I went looking for this panel. I knew it was from Secret Wars, but I remembered it differently. Back in in 1984/85, when this 12-issue limit series was being published, it was only Marvel’s second major cross-over event (the first being the similarly themed 3-issue Contest of Champions). While Secret Wars II, would be Marvel’s first shot at the all-too-common practice of incorporating the universe-spanning theme to most if not all of their titles, Secret Wars actually handled it intelligently. All the events in this series happened between issues of the regular series of heroes included therein. So, for example, in Amazing Spider-man issue #251, Spidey is seen entering the strange construct that transported him (and all the other heroes) to what would become known as “Battleworld.” In issue #252, he returns and all the events of Secret Wars happened in-between. No need to purchase a bunch of filler tie-in issues only designed to prop up poorly selling titles to get the whole story.
Anyway, this panel is from Secret Wars #8. It stuck out in my mind because I remembered it as another superhero (in my mind Spider-man) acting surprised to see a black man in Iron Man’s armor—at the time Tony Stark was busy recovering from alcoholism, and James “Rhodey” Rhodes had taken over the mantle of Iron Man. This was before the days when Tony Stark had revealed his identity as Iron Man, so as far as anyone knew the same person was in the suit (though as we shall see in my next post, some folks had their suspicions). I remembered it as this uplifting and resistant moment—like “fuck yeah, there’s a black man in this armor. Your all-white club of adventurers can’t keep me out!”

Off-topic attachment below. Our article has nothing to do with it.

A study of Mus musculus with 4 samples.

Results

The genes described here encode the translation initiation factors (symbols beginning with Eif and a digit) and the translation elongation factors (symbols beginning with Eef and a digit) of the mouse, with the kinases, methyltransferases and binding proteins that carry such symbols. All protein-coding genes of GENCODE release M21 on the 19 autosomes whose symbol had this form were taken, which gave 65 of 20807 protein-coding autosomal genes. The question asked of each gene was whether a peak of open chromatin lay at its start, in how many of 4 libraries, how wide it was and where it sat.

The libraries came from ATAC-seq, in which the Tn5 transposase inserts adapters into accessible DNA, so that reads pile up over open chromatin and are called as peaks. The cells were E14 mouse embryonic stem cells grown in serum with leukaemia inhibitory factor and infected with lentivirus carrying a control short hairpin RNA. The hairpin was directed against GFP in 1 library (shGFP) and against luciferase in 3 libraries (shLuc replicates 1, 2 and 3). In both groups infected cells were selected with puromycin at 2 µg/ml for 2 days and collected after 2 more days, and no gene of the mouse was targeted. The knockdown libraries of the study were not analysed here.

But, as you can see, Rhodes asks Reed Richards of the Fantastic Four if he was surprised to see “a black man under the metal,” and we are supposed to be impressed with Reed’s color-blindness: “Hmm. . . No, I never gave it a thought! I knew there was a man under there. . .” But Reed Richards is supposed to be the smartest man on the planet. . . Is he not observant? It doesn’t take a genius to see the stark under-representation of African-Americans (and other people of color) in the Marvel Universe (especially among superheroes). He should be surprised. Rhodey’s blackness matters, both in the fictional world of Marvel Superheroes (where among the top flight heroes meant to take part in Secret Wars only three are black and none are Latino) and in the world of its readers, like 13-year old me, who were looking for characters to identify with, even if that identification ends up being a misprision, or to use a term from queer theory, a disindentification: “How those outside the racial and sexual mainstream negotiate majority culture, not by aligning themselves with or against exclusionary works but by transforming these works for their own cultural practice.” (Munoz, Disidentifications)
It is no wonder that in The Brief and Wondrous Life of Oscar Wao Junot Diaz writes, “You really want to know what being an X-Man feels like? Just be a smart bookish boy of color in a contemporary U.S. ghetto. Mamma mia! Like having bat wings or a pair of tentacle growing out of your chest.” The X-Men, as the bad-ass outcasts, were the closest thing we had to aspire to. Hell, there is even a scene in Secret Wars where Storm’s concerns are dismissed as “angry black woman talk” by Professor X who threatens to mind control her if she doesn’t unquestioningly obey his commands, despite her ostensibly being the leader of the X-Men at that time.
Color-blindness of the kind that Reed Richards asserts in this panel just reinforces a white supremacist status quo of which the mainstream comic world is among the most obvious example. To claim to not be surprised is to fail to acknowledge a reality that needs addressing. In my memory the scene addressed it through Rhodey’s defiance, which goes to show that regardless of how much a comics fan I was (or am) that defiance was part of how I interpreted a world that makes white supremacy manifest in four-colors.